Gardening requires a lot of tools such as spades, shovels, pruners, trugs and hoes. Among other things. But there are some useful items you may need to bring outdoors with you to make gardening more pleasant and successful.
So you are ready to go out for a morning, afternoon or even a full day of gardening. You are excited, have your tools ready and then think: I am missing some useful items!
Here are five items that you should consider bringing to make your gardening successful, rewarding and more pleasant.
1. Something to take notes with
This can be either your smartphone or the old standby, a notebook and pen.
Here are some of the things you may need to write down (either while in the garden or before you go out into the garden):
Before you go
- to do list
- recipes for making your own fertilizers, amendments
- measurements or plans for building something
- plans of where plants and seeds will be planted
While you are out in the garden:
- to do list for future work sessions
- cross off what you have done on your to do list
- journal what is growing well and what isn’t
- plants you need to replace
- tools, supplies you need to buy
- list of materials you need for a construction project
2. Something to take photos and video with
This can be either your smartphone or a digital camera, maybe also with a tripod, monopod or selfie stick.
Take photos or videos of:
- your plants and progress you have made to post on social media
- parts of your garden that need changes that you can mark up later
- plants that are diseased or that you need to identify to take to a nursery or garden centre for expert advice
- trees that need trimming to send to an arborist for a quote (usually though they will also want to come out and have a look)
- where spring bulbs are planted so that you don’t dig them up later in the summer when the foliage has died down
3. Something to drink and eat
Having some way to stay hydrated and satiated is crucial to keep the gardener (you) able to work for a longer period of time without having to go inside.
In summertime in the hot sun and when you are sweating you need to replace the water your body is losing otherwise you can become severely dehydrated. In winter it is more your comfort as having a hot beverage will keep you warm on the inside.
What to drink (bring in a reusable water bottle, a thermos or reusable sealed travel mug):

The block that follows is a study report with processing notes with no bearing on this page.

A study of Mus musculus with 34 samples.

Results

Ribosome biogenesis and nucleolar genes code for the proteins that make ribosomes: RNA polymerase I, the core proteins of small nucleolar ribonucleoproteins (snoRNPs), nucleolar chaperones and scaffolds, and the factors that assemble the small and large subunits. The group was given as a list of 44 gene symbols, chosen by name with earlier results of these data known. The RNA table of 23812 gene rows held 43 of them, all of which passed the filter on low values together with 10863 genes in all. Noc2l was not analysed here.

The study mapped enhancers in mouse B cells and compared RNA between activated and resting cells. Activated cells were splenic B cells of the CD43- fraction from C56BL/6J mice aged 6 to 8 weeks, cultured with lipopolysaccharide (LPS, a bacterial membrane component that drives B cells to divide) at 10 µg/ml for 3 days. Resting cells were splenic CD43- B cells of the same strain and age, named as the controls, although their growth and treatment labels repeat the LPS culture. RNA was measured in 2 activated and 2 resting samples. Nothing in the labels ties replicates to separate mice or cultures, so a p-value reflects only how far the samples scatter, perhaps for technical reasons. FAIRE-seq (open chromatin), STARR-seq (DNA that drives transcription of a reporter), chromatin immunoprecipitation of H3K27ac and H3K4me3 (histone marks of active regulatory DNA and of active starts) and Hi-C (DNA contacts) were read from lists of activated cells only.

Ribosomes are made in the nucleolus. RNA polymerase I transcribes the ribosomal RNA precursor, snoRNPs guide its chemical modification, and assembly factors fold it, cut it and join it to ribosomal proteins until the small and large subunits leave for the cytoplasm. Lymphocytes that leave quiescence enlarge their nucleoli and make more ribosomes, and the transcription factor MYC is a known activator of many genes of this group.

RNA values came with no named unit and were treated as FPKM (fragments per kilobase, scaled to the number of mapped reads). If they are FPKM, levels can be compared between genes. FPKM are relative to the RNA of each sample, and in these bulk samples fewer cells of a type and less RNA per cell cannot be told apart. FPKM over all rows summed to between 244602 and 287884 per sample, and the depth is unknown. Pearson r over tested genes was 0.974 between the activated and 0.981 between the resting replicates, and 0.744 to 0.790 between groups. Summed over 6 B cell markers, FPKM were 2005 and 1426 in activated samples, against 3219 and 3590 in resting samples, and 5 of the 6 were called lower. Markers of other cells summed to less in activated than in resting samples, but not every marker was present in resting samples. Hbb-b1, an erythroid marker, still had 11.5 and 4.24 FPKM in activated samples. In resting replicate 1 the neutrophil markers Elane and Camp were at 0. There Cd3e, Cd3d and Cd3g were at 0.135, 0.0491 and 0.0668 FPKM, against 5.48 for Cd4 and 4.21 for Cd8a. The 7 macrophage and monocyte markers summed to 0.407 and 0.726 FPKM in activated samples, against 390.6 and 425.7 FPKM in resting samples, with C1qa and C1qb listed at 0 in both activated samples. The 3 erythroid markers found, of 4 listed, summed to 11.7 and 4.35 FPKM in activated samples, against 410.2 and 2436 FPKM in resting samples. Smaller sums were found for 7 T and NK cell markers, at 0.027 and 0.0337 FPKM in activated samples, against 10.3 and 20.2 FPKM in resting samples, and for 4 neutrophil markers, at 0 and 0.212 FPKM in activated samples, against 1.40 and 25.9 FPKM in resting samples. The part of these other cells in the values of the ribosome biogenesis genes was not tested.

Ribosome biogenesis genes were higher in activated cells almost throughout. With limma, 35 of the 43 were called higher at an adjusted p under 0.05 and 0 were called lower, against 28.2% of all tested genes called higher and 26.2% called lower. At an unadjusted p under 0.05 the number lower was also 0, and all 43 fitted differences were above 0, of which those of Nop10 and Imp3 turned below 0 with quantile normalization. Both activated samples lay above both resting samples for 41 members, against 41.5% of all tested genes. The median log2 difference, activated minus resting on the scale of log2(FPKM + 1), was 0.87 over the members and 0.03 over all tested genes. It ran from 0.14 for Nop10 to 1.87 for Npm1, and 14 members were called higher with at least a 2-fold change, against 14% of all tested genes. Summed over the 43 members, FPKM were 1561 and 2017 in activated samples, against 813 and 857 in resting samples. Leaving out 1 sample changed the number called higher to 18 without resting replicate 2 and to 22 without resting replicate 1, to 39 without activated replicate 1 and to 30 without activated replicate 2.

- chilled tea
- fruit/herb water
- green smoothie
- hot coffee or tea
Of course the more you drink the more likely you’ll have to stop at some point to go inside unless you happen to have an outhouse in your garden!
And don’t forget to also bring something healthy to snack on.
- granola bar
- container of mixed nuts
- fruit or raw veggies (either bring it or raid your garden if it is the right time of year)
- small sandwich
4. Something to listen to
This is optional. Some gardeners like the solitude of no noise at all, except maybe the twittering of birds, the tinkling of a wind chime or the gentle splashing of water if you have a water feature in your garden.
But if you live on a busy street or have noisy neighbours, you may want to bring something to listen to. Some ideas:
- meditative music
- powerful, energetic music
- talk radio
Just be considerate of your neighbours (even if they are not) and keep the sound volume down or use headphones. And keep whatever device you bring outside dry and protected from dirt and damage.
5. Some way to know when to stop working
The ideal gardening session is one where you completely lose track of time, because you are so focused on what you are doing. Time goes by and you miss your lunch or dinner because you have no idea of what time of day it is.
Here are some drastic ways to know when to stop:
- the weeds you are digging out are no longer visible (not because they are all gone, because it is too dark)
- you dig out the wrong plant (either because you are tired or it is dark or both)
- your kids or spouse are asking why dinner is not ready yet
- you realize the sun is rising!
- you are so tired that you water your walkway and sweep your lawn
The problem with the above is that you’ll likely need to stop working suddenly when you realize what time it is and perhaps can’t clean your tools like you know you should do.
So rather than relying on the above try instead to:
- bring a wristwatch or pocket watch – nothing too expensive as it likely will get dirty, possibly wet and could get damaged
- bring your smartphone – you can set an alarm to remind you when to stop
- hang up an outdoor clock mounted on a wall where you can see it from almost any vantage point in your garden
- ask someone to tell you 15 minutes before you need to come in
- have a sundial in your garden but keep in mind it won’t work if it is cloudy (if you can’t see it anymore, you’ll know it is too dark!)
So as you can see four of these five actually could be handled with a smartphone or a small tablet (it could cover all five if you use it to order a pizza and a drink for delivery 😉). It is a handy gardening tool! Just keep it dry and protected from damage and dirt. And if you don’t already own one, just add it to your gardening budget (I’m not saying you will get away with it though.)
Is there anything else that you just have to bring outside with you in order to feel good and motivated to be out there for several hours? Please share your must-haves in the comments.